Friday, September 14, 2012


When I read the Goodreads summary for Prismatic, by Sarah Elle Emm, I knew I had to read it.  It’s a dystopian, but with a new take that I hadn’t seen before.  The stars of this story are “multi-racial”, “bi-racial”, “mixed” or however you want to categorize them. Rain, the narrator, is part white and part African-American. All except one of the teenagers she interacts with has a diverse heritage.  This is because America has been taken over by a crazy woman.  She dissolved the USA and created the UZTA (United Zones of Authority). Everyone has been relocated by race.  There are White, Asian-American, Latino and African-American Zones.*  If you don’t fall cleanly into one of these zones, you are send to the Mixed zone. Parents of young Mixed children are allowed to accompany their children, but that’s it.  It is the ultimate form of segregation.  President Nicks believes in the purity of race and it’s sickening.

The novel appealed to me personally because my children will grow up with a “mixed” heritage.  I don’t talk about my family much, but I’ll give you the quick take.  My hubby is very Canadian; his Scottish ancestors fought in The War of 1812.  My parents are from Trinidad, a small island in the Caribbean, just north of Venezuela.  Their/my ancestors came from the South-Asian region.  So my babies are going to grow up with all kinds of fun, interesting cultural stuff to call their own.  I think they’re lucky.

They wouldn’t be lucky in the world of Emm’s novel.  In it, America has closed its borders.  People trying to escape to Canada or Mexico are shot on sight. Other governments are trying to find out what happened to America.  They are sent propaganda videos, but no one is allowed into the country.  NIcks apparently hates the Mixed Zones the most.  Though the White Zones get more privileges than the others, the Mixed Zone has the most rules imposed on them.  She clearly wants them to die off.  They don’t go to school, the work long shifts, they can’t get married and it’s illegal to have babies out of wedlock (see the problem).  The idea of it is really scary.**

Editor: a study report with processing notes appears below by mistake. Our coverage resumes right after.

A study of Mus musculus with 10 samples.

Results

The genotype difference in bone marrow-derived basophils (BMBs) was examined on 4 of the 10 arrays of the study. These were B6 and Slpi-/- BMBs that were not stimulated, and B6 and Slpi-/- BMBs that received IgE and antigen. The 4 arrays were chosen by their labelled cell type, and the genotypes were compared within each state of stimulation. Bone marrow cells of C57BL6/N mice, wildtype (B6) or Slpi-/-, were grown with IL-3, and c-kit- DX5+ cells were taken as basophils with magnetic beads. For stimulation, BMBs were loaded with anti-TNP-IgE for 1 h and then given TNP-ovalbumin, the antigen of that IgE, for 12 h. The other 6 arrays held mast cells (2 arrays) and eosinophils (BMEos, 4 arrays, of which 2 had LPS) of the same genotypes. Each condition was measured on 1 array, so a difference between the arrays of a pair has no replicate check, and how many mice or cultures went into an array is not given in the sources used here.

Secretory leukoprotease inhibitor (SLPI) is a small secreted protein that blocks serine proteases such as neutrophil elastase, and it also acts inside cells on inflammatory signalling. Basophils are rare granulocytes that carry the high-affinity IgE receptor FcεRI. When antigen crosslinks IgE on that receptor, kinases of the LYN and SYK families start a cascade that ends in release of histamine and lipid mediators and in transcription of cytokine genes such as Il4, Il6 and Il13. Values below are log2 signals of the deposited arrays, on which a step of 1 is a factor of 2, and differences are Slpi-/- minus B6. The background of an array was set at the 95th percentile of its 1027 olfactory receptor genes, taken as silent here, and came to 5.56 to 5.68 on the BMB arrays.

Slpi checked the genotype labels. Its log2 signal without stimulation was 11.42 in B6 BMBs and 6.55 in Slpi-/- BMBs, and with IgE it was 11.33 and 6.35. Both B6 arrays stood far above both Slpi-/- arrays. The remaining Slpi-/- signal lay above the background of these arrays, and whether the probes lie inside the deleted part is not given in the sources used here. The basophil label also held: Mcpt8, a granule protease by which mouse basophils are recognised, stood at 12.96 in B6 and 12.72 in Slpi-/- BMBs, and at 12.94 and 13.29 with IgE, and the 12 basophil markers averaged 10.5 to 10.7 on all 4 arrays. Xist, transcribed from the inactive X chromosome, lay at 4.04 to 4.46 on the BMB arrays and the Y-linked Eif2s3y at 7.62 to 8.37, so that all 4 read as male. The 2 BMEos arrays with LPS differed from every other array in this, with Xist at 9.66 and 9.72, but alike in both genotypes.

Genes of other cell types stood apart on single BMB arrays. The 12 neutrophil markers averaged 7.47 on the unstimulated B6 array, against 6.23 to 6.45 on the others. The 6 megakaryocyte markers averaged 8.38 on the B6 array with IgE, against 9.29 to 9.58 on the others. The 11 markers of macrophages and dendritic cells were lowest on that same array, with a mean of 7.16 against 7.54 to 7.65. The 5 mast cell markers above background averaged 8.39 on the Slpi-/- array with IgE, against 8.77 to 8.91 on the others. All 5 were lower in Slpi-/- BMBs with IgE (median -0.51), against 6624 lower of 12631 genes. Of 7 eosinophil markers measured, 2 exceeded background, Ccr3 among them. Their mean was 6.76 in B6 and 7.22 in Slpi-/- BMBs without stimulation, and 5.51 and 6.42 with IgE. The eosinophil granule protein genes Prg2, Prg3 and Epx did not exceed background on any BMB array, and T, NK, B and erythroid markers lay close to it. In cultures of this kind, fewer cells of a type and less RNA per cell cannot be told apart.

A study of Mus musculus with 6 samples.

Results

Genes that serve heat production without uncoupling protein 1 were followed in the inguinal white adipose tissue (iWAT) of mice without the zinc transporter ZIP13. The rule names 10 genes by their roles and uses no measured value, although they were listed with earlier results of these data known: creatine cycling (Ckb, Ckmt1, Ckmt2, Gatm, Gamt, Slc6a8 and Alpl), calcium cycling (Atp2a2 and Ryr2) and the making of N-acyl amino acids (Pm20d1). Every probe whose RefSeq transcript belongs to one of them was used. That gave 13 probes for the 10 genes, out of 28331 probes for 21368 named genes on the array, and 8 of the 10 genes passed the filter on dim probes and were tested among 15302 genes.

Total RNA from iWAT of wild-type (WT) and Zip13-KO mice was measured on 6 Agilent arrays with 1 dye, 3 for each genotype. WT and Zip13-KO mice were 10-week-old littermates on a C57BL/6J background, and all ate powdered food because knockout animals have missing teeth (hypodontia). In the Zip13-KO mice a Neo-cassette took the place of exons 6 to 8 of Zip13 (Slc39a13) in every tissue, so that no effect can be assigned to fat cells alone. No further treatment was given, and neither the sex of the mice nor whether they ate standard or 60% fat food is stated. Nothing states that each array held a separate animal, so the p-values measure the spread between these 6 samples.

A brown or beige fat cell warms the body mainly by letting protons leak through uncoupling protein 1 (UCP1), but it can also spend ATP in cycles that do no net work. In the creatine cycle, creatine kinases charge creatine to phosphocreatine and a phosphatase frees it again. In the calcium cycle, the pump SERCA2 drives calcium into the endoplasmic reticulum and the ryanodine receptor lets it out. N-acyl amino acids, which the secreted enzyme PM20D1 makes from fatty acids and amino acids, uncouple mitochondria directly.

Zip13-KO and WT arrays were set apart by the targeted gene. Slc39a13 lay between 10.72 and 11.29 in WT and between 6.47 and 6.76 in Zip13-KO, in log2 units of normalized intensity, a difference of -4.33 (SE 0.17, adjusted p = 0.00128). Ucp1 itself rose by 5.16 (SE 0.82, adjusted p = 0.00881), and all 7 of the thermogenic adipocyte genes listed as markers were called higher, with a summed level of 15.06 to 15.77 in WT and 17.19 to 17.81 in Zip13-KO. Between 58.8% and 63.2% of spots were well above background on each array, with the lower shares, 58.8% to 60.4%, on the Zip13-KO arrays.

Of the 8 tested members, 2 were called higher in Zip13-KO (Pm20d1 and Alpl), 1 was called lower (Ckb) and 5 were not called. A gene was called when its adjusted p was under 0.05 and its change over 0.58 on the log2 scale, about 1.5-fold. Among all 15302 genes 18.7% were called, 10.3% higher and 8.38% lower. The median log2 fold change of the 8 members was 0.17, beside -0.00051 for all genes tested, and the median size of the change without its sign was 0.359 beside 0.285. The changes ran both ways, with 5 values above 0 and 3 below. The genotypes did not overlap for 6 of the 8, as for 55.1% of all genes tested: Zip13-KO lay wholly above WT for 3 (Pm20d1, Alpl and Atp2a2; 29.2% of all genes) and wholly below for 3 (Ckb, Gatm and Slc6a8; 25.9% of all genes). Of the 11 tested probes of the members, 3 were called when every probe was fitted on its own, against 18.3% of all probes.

I don’t usually say this, but Prismatic could have been longer.  It was a lean 250 pages. I really like  the premise.  I thought the first scene and the descriptions of the segregations and the Zones were fantastic.  I just felt like the story was rushed.  Emm mentions the grey concrete and lack of colour from Indy Mixed Zone, where Rain and her friends live, but I don’t really feel like I felt it.  While I enjoyed Rain’s relationship with her brother and her best friend, I don’t feel like her relationship with Jabari was well-developed.  Their meeting and feelings felt too convenient.

I also think their goals could have been fraught with a little more difficulty. Or maybe the tension could have been built up more?  I feel like if the book was longer, the characters, setting and tension could have been deeper.  I still can’t believe that I’m wishing the book was longer.  Because of the genre, I can’t help but compare it to Divergent, The Hunger Games and Wither, all dystopians I’ve read over the past couple years and loved.  They were all at least one hundred pages longer. I think it allowed these novels to go more in depth into the characters and worlds that were created.

I do like that in terms of gender, the men and women are treated equally (whichever Zone they happen to inhabit). Though Rain falls victim to certain circumstances, her friend Zi is strong and as instrumental as any of the boys in their battles and victories. There was also some teenage sarcasm, which might have actually been lacking in two of the other books I mentioned. The change in government is only about four years old, so these people still remember what it was like to be in a world where they went to school, could relax and play and think about their future. It’s nice when they’re not serious all the time.

While I wish I could have loved this book, I still really liked it.  I'll be looking out for Opalescent, Prismatic's sequel when it comes out.  There's so much unfinished business, I have to see how the story ends.

*Question:  Would my family fall into the Asian zone because South-Asia is still Asia? Middle-East is still part of Asia too, is that where the Arabs and Persians go?  Again, though I like the book, I found these people missing.

**Thankfully I’m in Canada and since most of these crazy dystopians seem to take place in America, I feel a little safer.